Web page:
Undeterred by a recent late-stage setback for Array BioPharma's late-stage melanoma candidate binimetinib, Japan's Ono Pharma has stumped up $31.6 million for Japanese and South Korean rights to the drug and partner compound encorafenib.
And Array says it could claim another $156 million from Ono if MEK inhibitor binimetinib and BRAF-targeting encorafenib—currently in two phase 3 trials in colorectal cancer—meet development and commercial objectives including a positive outcome in an ongoing phase 3 trial (BEACON) in colorectal cancer.
"In Ono, we selected a market leader in immuno-oncology with a rapidly growing product portfolio and recent track record of successful development and commercialization in Japan," said Array's CEO Ron Squarer, adding that the deal "allows us to remain focused on commercializing binimetinib and encorafenib in the U.S.."
Last month, Array was forced to withdraw a marketing application for binimetinib in the virulent NRAS-mutant form of melanoma after the FDA said its main trial in support of the monotherapy wasn't up to scratch. That news followed a failed trial of binimetinib on its own in ovarian cancer.
The NRAS melanoma disappointment was deemed minor by analysts at Leerink who said this form of skin cancer is rare and the drug has much more potential in other indications, although they added it was "a clear setback for the company and management’s regulatory and commercial strategy."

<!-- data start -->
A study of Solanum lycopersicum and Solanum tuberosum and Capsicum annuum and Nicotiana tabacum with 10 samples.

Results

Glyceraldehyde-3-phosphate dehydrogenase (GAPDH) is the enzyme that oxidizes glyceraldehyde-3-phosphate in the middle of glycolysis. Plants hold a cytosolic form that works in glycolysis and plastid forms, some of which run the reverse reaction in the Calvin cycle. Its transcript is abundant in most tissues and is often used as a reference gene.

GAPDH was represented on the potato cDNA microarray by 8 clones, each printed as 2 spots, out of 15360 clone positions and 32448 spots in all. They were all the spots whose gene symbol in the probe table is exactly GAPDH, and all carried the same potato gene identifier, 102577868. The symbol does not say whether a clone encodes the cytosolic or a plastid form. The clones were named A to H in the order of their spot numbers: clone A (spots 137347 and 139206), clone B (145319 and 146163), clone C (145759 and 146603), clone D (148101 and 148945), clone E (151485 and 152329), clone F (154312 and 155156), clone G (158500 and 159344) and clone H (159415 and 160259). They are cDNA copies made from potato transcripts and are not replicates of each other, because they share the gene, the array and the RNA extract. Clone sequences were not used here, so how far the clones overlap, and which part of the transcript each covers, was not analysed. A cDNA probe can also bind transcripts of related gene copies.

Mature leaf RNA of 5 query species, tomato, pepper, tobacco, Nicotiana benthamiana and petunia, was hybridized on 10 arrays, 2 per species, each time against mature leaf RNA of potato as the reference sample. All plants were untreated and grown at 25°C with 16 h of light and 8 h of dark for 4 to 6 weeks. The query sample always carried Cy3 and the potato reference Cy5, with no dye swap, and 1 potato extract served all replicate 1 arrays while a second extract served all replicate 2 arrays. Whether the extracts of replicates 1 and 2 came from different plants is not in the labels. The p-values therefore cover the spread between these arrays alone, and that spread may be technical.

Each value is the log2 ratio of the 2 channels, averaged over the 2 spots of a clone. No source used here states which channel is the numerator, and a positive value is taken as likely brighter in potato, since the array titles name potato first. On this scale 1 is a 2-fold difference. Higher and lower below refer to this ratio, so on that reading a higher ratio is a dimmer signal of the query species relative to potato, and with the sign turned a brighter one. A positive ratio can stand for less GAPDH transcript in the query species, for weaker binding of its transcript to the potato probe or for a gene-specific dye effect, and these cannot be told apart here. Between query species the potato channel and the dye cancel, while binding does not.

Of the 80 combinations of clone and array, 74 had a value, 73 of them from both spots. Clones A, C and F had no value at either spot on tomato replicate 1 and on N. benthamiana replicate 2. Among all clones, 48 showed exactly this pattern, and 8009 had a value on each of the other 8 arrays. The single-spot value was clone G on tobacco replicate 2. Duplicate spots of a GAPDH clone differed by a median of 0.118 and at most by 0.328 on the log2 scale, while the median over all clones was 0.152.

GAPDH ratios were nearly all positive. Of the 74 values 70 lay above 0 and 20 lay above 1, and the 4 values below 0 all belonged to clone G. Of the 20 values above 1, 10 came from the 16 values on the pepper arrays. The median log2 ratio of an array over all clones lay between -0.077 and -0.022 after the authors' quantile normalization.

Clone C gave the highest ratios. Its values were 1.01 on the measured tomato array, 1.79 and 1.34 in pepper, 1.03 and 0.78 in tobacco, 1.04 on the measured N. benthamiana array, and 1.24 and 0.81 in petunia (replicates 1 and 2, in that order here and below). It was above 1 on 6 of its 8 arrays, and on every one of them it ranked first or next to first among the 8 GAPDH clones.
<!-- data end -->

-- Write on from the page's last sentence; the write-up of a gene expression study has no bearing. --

In addition to BEACON, the combo is also in a phase 3 trial—called COLUMBUS—in patients with BRAF-mutant melanoma that us due to report data in the coming weeks.
The new licensing deal will go some way to restore confidence in the prospects for binimetinib and its partner drug as it plays catch-up with MEK/BRAF combinations marketed by Novartis and Roche for melanoma.
A couple of years ago, Array lost Novartis as its worldwide marketing partner for binimetinib and encorafenib, with the Swiss group exiting a $467 million deal for the drugs—after shelling out $60 million—as it focused instead on MEK inhibitor Mekinist and BRAF inhibitor Tafinlar that it had just acquired from GlaxoSmithKline.
At the time, Array stuck to the usual line that this was an opportunity to take the drugs forward on its own, an idea which gained credence after it promptly signed a $455 million deal with Pierre Fabre for European rights to the binimetinib/encorafenib combo.
The two partnerships now exceed the value of the earlier Novartis deal for binimetinib, with Array still retaining its rights in the U.S. and other world markets. Investors certainly seemed to like the news, with the company's share price up more than 6% in premarket trading.